At the most general level, environmental policies reflect society's collective decision to pursue certain environmental goals and objectives and to use particular means to achieve them. Public sector decision making incorporates a diversity of perspectives on environmental problems, from those of industry to the views of activist environmental organizations. Ultimately, policies reflect the inevitable compromises over which environmental goals to pursue and how best to achieve them.
Private decision making by corporations and individuals also affects society's ability to respond to environmental challenges. Indeed, critics of governmental performance look to the private sector for initiatives. Yet, as a nation, the United States relies heavily on public decision making because only governments possess the necessary financial resources or have the requisite legal authority or political legitimacy.
Environmental policy is complex. Beyond the laws, regulations, and court rulings on the subject, it is strongly affected by agency officials who are charged with implementing and enforcing environmental law. Their decisions, in turn, are influenced by a range of political and economic forces, including the policy beliefs of elected officials, the health of the economy, anticipated costs and benefits of laws and regulations, federal-state relations, public opinion, media coverage of environmental issues, and efforts by corporations, environmental groups, and scientists to influence public policy.
The environmental quality standards that are set in laws and regulations reflect the uncertain and changing base of environmental science, as well as policy judgments concerning the extent of risk from air or water pollution or toxic chemicals that is acceptable to society. How clean is clean enough? A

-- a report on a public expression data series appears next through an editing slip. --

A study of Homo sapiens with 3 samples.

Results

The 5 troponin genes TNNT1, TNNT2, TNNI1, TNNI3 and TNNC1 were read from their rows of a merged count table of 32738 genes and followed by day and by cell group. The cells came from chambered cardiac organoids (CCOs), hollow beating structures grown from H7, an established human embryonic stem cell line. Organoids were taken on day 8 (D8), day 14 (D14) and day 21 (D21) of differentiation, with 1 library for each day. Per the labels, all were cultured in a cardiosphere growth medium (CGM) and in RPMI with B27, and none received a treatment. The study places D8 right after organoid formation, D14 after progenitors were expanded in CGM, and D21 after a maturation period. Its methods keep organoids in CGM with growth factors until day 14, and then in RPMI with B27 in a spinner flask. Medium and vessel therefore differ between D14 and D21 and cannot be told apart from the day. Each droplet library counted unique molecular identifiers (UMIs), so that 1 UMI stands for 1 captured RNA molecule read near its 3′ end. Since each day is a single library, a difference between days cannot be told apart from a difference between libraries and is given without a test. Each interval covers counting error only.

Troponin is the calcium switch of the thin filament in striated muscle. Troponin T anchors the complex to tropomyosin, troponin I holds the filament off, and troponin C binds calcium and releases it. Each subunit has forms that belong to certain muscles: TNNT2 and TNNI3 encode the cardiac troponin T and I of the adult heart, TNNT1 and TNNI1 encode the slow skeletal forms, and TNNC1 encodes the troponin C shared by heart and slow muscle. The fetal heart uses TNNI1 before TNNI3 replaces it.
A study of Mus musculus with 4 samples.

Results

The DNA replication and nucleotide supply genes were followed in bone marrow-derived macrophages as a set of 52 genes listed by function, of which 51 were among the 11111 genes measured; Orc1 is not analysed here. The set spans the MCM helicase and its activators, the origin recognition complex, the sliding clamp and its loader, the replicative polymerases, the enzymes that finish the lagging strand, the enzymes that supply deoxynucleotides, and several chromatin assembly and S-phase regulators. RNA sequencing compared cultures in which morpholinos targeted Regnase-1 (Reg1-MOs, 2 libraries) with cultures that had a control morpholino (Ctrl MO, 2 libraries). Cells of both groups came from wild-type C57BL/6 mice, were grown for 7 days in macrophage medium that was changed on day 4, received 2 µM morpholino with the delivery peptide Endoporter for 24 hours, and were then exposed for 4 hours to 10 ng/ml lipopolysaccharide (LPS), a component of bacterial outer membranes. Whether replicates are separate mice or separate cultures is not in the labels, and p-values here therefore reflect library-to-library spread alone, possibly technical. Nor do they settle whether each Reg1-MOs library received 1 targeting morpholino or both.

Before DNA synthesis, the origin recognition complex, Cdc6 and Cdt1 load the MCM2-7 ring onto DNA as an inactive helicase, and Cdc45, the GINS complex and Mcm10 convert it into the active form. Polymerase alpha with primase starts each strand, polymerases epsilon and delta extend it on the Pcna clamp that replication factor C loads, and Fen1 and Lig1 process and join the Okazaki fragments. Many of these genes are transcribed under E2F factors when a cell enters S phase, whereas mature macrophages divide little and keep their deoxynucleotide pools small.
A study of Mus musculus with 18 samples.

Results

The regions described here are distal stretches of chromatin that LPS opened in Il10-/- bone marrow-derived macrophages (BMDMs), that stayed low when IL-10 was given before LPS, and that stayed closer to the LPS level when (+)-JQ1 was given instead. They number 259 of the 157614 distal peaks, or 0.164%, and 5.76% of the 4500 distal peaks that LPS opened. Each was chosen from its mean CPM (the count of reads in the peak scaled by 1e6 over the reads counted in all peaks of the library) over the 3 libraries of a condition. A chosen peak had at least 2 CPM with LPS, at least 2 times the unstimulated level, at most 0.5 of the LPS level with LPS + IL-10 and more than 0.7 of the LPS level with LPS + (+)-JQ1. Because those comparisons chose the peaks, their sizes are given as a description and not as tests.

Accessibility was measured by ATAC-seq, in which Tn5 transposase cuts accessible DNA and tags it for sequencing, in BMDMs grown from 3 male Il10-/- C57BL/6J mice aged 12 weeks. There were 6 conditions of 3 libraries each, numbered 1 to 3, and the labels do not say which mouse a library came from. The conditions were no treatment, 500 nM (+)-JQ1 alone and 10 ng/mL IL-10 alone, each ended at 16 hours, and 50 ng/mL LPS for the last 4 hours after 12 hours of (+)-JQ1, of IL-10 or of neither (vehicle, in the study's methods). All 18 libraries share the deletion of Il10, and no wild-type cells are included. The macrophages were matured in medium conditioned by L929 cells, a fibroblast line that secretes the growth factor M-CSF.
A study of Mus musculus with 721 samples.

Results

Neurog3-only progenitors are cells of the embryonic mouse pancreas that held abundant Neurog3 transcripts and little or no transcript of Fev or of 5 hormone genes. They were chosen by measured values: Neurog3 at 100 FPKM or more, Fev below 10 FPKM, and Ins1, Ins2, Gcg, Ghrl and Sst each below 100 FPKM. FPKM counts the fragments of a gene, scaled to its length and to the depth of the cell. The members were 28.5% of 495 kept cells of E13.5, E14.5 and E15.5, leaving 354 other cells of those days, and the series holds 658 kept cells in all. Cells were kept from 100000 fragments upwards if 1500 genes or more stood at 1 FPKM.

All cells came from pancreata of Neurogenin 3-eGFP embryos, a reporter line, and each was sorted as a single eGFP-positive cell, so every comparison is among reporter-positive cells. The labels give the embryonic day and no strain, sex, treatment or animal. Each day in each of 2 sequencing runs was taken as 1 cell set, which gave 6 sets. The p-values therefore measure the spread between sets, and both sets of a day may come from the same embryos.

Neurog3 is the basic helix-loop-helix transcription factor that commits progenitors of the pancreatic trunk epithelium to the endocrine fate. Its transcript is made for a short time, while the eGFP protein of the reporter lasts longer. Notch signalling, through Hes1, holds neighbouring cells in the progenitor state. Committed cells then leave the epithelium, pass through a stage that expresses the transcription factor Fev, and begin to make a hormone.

sustainable able to be practiced for many generations without loss of productivity or degradation of the environment sustainable development economic development that does not rely on degrading the environment significantly safer or cleaner environment may be harder to achieve with existing technologies. Moreover, the effort may be both more costly and more controversial. Confronting tradeoffs among competing social values lies at the heart of environmental policy decision making.
Environmental policy covers a wide range of issues and has had a pervasive and growing impact on modern human affairs. It also goes well beyond federal and state actions on air and water pollution or control of hazardous waste and toxic chemicals. Increasingly, these actions are linked to decision making in many related areas that also affect environmental quality and human health. These include such disparate concerns as energy use, transportation, population growth, and agriculture and food production. Scientists and scholars use the concepts of sustainability and sustainable development to link these varied human influences on the natural environment. Reports from the 1992 Earth Summit and the President's Council on Sustainable Development firmly endorsed this more comprehensive and integrated view of environmental challenges.
At an even more fundamental level, environmental policy concerns the protection of vital global ecological, chemical, and geophysical systems that scientists increasingly believe to be put at risk through certain human activities. Climate change and loss of biological diversity are examples of such threats. Thus, environmental policy decision making addresses both long-term and global as well as short-term and local risks to health and the environment. For all these reasons, it has become one of the most important functions of government in both industrialized and developing nations.